SCARY LIVING: Are buyers willing to buy and move into haunted properties? NST RED talks to several real estate agents to find out
In Hong Kong, properties where the previous owner died unnatural deaths (for example suicide or murder) can be legally declared haunted. Due to local belief that such deaths lead to ghosts troubling new occupants, such properties usually see price discounts of up to 40 per cent.
And investors are snapping them up. “There’s a group of investors who bid for these properties specifically and then rent it to people who don‘t mind its bad history,“ says Eric Wong of Hong Kong-based property website squarefoot.com.hk.
Demand is such that squarefoot.com.hk even has a dedicated listing of haunted properties, with details of the gruesome deaths that took place in each property. The channel was created for real estate agents who wanted easier access to such information.
The cheaper price attracts foreigners who are more concerned with price than superstition as well as local buyers looking to rent out the properties to foreigners while hoping for the property’s value to rise again after the stories die down with time.
Is there a small market for haunted properties in Malaysia too?
A matter of price: “Not really,” says Yoong Kim Wah from the Property Champ agency, laughing off the idea.
“But a ‘reputation’ does affect a property’s price, definitely. Sometimes the price can drop by up to 30 per cent,” adds Yoong, who has shifted his focus from residential properties to industrial in recent times.
Cheryl Chan from Juste Land agency agrees, saying that there is a market demand based only on price.
“As long as the price is right, people will buy it. If they get their price, they don’t mind if it has a ‘reputation’,” explains Cheryl, further commenting that “there was a report in the newspapers of a bungalow where an entire family had died — someone then bought the property at a cheap price, demolished the bungalow and sold the land for a higher price.”
“If a buyer is really concerned about ghosts, the buyer will never cut the deal no matter how cheap the price is,” says Cheryl, who deals in various types of properties ranging from residential to commercial.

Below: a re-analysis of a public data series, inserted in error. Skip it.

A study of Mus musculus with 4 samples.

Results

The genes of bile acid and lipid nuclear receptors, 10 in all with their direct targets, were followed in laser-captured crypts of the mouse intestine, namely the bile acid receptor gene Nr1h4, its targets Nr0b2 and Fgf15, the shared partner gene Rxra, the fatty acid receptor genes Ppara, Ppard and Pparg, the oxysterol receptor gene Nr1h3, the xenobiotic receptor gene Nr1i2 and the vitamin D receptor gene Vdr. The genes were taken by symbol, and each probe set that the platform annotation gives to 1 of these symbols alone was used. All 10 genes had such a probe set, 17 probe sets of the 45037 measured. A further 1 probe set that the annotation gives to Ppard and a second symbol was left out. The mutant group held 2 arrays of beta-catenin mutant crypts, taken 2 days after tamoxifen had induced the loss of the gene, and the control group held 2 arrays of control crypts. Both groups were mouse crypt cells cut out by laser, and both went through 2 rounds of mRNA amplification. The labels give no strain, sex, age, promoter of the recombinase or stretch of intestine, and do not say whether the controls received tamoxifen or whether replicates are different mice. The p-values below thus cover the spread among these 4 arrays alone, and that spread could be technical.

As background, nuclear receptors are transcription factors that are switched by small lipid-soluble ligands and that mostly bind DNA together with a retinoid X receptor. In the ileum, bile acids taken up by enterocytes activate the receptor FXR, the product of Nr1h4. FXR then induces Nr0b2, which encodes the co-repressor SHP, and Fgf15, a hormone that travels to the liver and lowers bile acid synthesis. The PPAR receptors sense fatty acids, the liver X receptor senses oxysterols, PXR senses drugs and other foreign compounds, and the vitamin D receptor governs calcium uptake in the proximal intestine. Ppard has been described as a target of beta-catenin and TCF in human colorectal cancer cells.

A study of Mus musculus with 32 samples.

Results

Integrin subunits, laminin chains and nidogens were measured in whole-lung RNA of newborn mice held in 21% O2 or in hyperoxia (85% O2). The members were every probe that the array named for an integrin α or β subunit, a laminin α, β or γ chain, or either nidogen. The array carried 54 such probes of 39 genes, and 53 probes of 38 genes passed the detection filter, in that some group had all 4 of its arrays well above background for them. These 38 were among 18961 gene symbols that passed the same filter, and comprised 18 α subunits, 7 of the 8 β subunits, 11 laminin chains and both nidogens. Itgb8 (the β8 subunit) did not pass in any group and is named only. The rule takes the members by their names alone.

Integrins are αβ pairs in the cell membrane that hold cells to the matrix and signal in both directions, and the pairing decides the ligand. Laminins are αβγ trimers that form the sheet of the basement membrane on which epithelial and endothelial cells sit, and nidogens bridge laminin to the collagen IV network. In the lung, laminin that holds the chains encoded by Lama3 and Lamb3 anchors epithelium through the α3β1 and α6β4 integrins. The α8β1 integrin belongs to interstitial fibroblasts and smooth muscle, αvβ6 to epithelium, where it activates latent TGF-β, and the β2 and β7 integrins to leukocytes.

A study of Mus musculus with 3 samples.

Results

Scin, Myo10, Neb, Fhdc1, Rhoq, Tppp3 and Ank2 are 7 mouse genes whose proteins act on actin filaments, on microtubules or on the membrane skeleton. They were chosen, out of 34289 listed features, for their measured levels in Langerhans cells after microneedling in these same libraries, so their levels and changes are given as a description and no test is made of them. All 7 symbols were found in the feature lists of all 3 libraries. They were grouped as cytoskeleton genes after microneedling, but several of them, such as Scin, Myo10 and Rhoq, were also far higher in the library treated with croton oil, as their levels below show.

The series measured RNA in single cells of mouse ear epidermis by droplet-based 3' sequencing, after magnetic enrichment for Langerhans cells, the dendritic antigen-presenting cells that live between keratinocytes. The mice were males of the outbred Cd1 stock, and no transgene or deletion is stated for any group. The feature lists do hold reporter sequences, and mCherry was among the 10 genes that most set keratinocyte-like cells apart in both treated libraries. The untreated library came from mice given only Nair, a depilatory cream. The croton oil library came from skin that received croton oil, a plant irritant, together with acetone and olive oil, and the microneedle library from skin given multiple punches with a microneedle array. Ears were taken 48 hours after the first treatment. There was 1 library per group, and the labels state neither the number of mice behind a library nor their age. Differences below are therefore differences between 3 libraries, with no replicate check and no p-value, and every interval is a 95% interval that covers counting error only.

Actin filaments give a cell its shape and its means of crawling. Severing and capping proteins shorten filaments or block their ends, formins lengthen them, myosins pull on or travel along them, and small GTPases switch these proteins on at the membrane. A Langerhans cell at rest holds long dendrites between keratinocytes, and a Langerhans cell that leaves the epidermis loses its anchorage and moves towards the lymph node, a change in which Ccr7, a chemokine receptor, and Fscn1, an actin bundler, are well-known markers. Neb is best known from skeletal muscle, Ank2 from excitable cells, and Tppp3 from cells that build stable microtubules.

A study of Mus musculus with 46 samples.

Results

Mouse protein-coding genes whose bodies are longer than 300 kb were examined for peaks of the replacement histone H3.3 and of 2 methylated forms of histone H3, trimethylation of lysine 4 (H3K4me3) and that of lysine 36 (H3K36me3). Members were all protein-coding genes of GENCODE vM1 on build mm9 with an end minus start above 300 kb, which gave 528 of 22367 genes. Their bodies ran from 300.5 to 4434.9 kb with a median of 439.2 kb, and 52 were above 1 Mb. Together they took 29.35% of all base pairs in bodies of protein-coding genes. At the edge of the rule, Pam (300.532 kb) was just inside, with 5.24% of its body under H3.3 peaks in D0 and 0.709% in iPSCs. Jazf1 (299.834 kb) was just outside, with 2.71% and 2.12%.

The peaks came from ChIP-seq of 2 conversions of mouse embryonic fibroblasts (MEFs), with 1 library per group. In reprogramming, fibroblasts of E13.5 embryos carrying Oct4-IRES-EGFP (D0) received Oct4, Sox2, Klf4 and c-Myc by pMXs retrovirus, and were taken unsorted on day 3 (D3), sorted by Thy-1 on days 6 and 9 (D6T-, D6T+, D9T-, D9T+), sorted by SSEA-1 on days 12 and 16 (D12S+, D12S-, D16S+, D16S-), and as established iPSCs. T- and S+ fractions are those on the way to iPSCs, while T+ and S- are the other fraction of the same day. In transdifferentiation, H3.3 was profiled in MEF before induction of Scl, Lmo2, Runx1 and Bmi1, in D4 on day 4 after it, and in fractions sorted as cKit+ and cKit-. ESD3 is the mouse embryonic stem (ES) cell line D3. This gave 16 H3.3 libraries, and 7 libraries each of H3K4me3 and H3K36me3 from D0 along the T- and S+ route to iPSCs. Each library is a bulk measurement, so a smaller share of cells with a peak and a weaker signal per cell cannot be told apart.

Common occurrence: It’s quite normal to hear about properties with such reputations in the Malaysian property market, especially second hand homes. Death occurring in a property does not necessarily mean it would be haunted.
“Every house is bound to have someone passing away in it,” says Yoong, sharing how he sold his house without problems after his father passed away in the house.
Cheryl concurs, saying that these properties are common in the sub-sale market and that usual reasons like migration or moving to a bigger house aside, there must be a strong reason if someone is selling a perfectly good house.
“Of course, the owner probably won’t tell you what happened until the deal is concluded,” says Cheryl, commenting that this is perhaps due to worries that they won’t be able to sell the property.
Buyers not concerned: Despite being common, the question of whether a property is haunted is not foremost on buyers’ minds. Instead, buyers are more concerned with more practical factors when shopping for properties.
“In my experience, I have only been asked if a house has ‘anything’ once,” reminisced Cheryl, clarifying that that particular deal was eventually not concluded due to location issues and that the house in question was not actually haunted. The first thing people ask about is the price.
“Buyers are more interested about the price, location and general neighbourhood surrounding the property,” says Cheryl.
Likewise, real estate agents are not overly concerned about finding out whether a particular property has any supernatural issues. Yoong explains that part of the reason is that it would be time-consuming to do so.
“Time is valuable,” says Yoong, saying that there are other more important things to do instead. However, if he is aware of any issues relating to a property, then he would tell prospective buyers upfront.
“We have to be honest with buyers,” says Yoong.
Cheryl offers that most people don’t believe in such reputations surrounding properties anyway, especially foreigners and Muslims. “Some traditional Chinese may not feel comfortable about it, but it’s not an issue as long as they’re not staying there,” says Cheryl.
A question of preference: It comes down to whether the buyer is comfortable with the house. A reputation of being “haunted” is just a minor factor that mostly affects the property’s price, notes Cheryl, who adds that some cultures believe that empty houses are haunted even if there are no previous incidents.
“Many Chinese and Indians, when moving to a new house, will perform a ceremony to ‘chase out’ previous occupants,” explains Cheryl.
Yoong remarks that there are no issues in Malaysia, seeing as there are condominiums built right next to cemeteries these days.
“Ultimately, if the buyer feels uneasy with the house, they probably won’t buy it. So it’s up to the buyer,” Yoong concludes.
It’s worth noting that a survey conducted two years ago by a property portal in Singapore, iProperty.com.sg revealed that 36 per cent of Singaporeans are open to purchasing a home that is known to be haunted. That’s hardly surprising considering that land-scarce Singapore has some of the most expensive property prices in Asia. Obviously for some, sharing a house with a ghost is better than being homeless.